What can we do?

I find it unbearable to look at the face of Melanie Jones, the mother of Eleven-year-old Rhys, who was shot dead by some thug this week. Her raw grief must have pierced through the heart of every parent.

I remember the horror when the abduction and the murder of the toddler Jamie Bulger happened. The horror of it was enough for the Nation to cry out in horror. And when the two young boys, both under sixteen were subsequently arrested and then convicted, we all were aghast. It was the first time that someone so young was in court accused of murder. I remember reading article after article of soul searching in almost every publications, offering endless solutions and comments.

But now it is almost everyday news. In the last eight months of this year, eight young people have been murdered. Almost one death for each month of this year. So what has happened?

It is not that the government has not done anything. Since their inception almost 98,000 Anti Social Behaviour Orders(Asbos) have been issued. But have they achieved anything? Not really, some youngsters even treat these as a badge of honour. Something, which shows that they are anti-establishment and don’t care. And now the Home Secretary is talking about having “good behaviour contracts” between the young people and their local councils. Do they think that once somebody signs a paper to say that will be good, will they stick to it?

But what can be done, we all have a responsibility to play a little part in trying to make things better for the society we live in. Those who are on this site and those who read the Telegraph are am sure responsible and respectable parents who know this, but obviously there are enough parents out there who are ignorant and its their offspring causing this problems. Let us not just blame immigration and people of other cultures for this evil. Sometimes I wonder that we all have become so involved and focused on the issues of immigration, that other crimes have escaped our attention and condemnation. But not all the youth problems are from the immigrant community.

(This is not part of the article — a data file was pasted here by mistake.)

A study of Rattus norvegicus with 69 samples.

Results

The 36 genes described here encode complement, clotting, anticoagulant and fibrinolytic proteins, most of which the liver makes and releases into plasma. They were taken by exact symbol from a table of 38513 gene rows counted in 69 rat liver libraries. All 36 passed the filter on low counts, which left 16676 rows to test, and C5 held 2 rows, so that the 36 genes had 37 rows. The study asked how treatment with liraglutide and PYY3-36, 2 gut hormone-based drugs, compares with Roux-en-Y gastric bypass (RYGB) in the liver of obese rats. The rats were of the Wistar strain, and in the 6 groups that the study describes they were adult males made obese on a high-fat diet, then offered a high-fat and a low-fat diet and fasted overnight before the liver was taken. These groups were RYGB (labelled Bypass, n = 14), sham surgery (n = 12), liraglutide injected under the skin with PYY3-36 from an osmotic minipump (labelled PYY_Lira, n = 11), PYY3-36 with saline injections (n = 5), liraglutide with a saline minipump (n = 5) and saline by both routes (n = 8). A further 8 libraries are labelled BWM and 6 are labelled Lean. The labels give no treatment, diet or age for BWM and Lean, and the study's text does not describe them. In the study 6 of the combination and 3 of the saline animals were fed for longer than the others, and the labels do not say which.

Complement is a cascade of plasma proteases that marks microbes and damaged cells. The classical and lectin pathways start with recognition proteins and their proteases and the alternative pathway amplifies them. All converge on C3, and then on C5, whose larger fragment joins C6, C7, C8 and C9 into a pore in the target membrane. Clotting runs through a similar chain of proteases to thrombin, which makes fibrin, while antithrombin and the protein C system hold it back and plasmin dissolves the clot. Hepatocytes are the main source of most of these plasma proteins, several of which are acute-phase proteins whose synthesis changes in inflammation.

How about good teachers, good policing and parental responsibility? The police numbers have increased significantly, but the ordinary citizen feels more vulnerable than ever before. You don’t see the police in neighbourhood or on the street, and when they are their hands are tied. If they see young people misbehaving, they can’t just go up to them and tell them to go away. Without reading them the rights and filling up lengthy forms inn triplicate. The same is true of teachers. They can’t discipline children without the fear of litigation, and abuse.

We all turn a blind eye to youngsters misbehaving in our neighbourhood, and other places for fear of retaliation. But is this indifference, which has made youngsters feel that they are beyond reproach?

I wonder about violent video games and films too. If killing and “zapping” is seen as a game does this take the horror out of murder? I don’t know. But it is true that we have become more and more tolerant and used to violence and killing on the screen.

So may be it is time for us to look at all aspects of our own behaviour and surroundings to see what can be done so this cycle of violence can be stopped. And not just avert our face from the grieving face of the mother. Because it is all of us who will have to buckle down and do something. So there are no mothers who are grieving for their children in the news.